October 30, 2002
Swedish Meatballs

I'd had the urge to make swedish meatballs for a while now ... or, more accurately, I've had the urge to eat swedish meatballs for a while. I have, in fact, never made swedish meatballs in my life. Until now.

Looking through our cookbooks, I couldn't find a recipe I was perfectly satisfied with, so I ended up creating my own, based primarily on the Joy of Cooking recipe (I've reproduced my own recipe below). Slightly hampered by the fact that the ground beef in our fridge didn't smell so good, I decided to make the meatballs with only veal and pork. As could be expected, the resulting meatballs were slightly more delicate and mild in flavor than if I had used the beef ... but I think that's a small price to pay in an effort to avoid food poisoning. The recipes I looked at varied quite a bit in terms of spice content -- I came across suggestions including nutmeg, cardamom, ginger, fennel, allspice, cinnamon, and paprika. I stuck with what I found in the pantry and thought would be appropriate -- namely nutmeg, allspice, coriander, and white pepper. I added some chopped fresh parsley to the meatballs themselves, and saved the dill for sprinking on top of the finished dish. Someone in this household (I won't mention any names) isn't a huge fan of dill.

We served the meatballs over egg noodles with a creamy brown sauce made with pan drippings and sour cream, among other things. For a first effort, I thought the meal was pretty good ... but next time I do think I'll try using some beef in the mix as well. As for Carl, he enjoyed the meatballs even after I encouraged him to add some dill, and later reported that they were even better the next day at lunch.

Quasi-Swedish Meatball Dinner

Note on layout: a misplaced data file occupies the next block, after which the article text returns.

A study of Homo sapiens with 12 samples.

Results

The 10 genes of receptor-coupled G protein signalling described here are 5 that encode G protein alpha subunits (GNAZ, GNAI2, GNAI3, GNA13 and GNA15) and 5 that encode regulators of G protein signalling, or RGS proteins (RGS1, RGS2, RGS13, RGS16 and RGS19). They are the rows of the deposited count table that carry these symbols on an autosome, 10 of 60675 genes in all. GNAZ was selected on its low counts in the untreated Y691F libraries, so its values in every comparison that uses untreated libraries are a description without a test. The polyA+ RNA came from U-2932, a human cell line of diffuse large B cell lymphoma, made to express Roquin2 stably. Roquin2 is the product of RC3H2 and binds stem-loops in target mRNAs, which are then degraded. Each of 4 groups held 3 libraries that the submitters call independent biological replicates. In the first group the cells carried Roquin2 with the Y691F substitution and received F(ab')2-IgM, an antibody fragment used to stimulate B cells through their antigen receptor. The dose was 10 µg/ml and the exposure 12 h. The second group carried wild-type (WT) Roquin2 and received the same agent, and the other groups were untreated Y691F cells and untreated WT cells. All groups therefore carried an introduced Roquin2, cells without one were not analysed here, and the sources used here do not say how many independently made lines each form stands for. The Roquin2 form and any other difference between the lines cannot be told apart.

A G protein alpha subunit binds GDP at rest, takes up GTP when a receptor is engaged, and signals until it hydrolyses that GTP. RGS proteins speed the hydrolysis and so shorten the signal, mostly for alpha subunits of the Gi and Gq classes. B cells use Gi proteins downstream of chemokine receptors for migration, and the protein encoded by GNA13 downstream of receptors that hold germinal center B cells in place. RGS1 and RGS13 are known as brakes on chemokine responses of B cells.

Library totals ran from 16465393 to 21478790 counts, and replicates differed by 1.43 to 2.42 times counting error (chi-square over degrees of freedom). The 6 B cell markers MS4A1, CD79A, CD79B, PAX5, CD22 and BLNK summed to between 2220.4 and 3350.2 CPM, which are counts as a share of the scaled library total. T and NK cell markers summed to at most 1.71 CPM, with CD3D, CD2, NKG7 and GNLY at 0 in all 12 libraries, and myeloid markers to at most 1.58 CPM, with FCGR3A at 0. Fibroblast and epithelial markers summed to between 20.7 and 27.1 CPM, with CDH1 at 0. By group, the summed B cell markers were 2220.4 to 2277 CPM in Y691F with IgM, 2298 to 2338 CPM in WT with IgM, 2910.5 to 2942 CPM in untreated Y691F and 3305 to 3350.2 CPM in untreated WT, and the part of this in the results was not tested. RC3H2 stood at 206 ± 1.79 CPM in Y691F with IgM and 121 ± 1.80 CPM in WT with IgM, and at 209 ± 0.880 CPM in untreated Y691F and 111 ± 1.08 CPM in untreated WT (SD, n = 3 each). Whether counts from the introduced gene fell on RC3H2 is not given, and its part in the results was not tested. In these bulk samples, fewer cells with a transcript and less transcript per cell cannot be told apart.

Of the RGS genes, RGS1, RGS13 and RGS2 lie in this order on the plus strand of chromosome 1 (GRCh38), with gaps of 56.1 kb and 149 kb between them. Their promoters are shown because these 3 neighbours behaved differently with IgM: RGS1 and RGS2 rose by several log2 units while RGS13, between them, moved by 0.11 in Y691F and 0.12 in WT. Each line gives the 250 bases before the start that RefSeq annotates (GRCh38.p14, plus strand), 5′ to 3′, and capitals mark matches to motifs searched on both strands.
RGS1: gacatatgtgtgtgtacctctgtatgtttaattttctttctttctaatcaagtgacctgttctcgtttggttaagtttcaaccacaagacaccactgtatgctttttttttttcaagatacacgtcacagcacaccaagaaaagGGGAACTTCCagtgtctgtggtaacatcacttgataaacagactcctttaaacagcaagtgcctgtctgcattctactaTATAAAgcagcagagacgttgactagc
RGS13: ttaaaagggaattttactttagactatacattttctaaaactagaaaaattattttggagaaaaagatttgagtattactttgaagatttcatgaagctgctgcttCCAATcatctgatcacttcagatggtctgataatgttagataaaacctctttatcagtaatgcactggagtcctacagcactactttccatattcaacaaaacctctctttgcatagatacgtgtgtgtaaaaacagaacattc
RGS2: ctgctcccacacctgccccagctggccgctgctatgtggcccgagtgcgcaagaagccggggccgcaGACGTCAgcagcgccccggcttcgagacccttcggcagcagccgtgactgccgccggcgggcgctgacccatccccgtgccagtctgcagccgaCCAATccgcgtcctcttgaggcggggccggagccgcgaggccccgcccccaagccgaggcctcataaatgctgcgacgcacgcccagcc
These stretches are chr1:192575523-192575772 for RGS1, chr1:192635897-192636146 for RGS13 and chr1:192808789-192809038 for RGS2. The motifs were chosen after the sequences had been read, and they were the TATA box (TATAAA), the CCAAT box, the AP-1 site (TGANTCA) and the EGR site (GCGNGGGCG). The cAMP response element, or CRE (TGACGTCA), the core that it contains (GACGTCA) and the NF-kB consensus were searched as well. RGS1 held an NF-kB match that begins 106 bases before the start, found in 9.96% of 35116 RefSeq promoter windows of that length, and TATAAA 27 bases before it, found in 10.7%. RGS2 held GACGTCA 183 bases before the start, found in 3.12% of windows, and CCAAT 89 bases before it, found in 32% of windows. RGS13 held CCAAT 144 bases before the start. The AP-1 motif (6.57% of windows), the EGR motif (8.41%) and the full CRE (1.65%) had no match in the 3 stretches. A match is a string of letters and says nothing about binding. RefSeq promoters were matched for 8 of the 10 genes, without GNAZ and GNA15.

Soak 1-2 thick slices of country bread in some milk in a large bowl. When the milk is absorbed and the bread is falling apart slightly, add:

1/2 lb. each ground veal and ground pork (beef also Ok)
a small-to-medium onion, finely chopped and sautéed until soft
2 eggs
the juice of half a lemon
spices and flavorings to taste -- nutmeg, allspice, ginger, coriander, cardamom, paprika, salt, pepper (but not all at once!), as well as fresh chopped dill and/or parsley

Make into balls of whatever size you like, pan-fry in batches until cooked through. Keep cooked meatballs in a warm oven while preparing pasta (i.e., tossing egg noodles into boiling water) and sauce.

For sauce, sprinkle some flour into the pan in which you cooked the meatballs and cook it into a bit of a roux. You should have enough fat in the pan for this, but feel free to add butter if you don't. When the roux is golden, add some sherry and about a cup or two of stock (I used beef stock), and stir until combined and slightly thickened. Remove from heat and whisk in a few tablespoons of sour cream, as well as anything else that strikes your fancy (Worcestershire sauce is always good).

Toss pasta and meatballs with sauce, sprinkle all over with dill, and enjoy.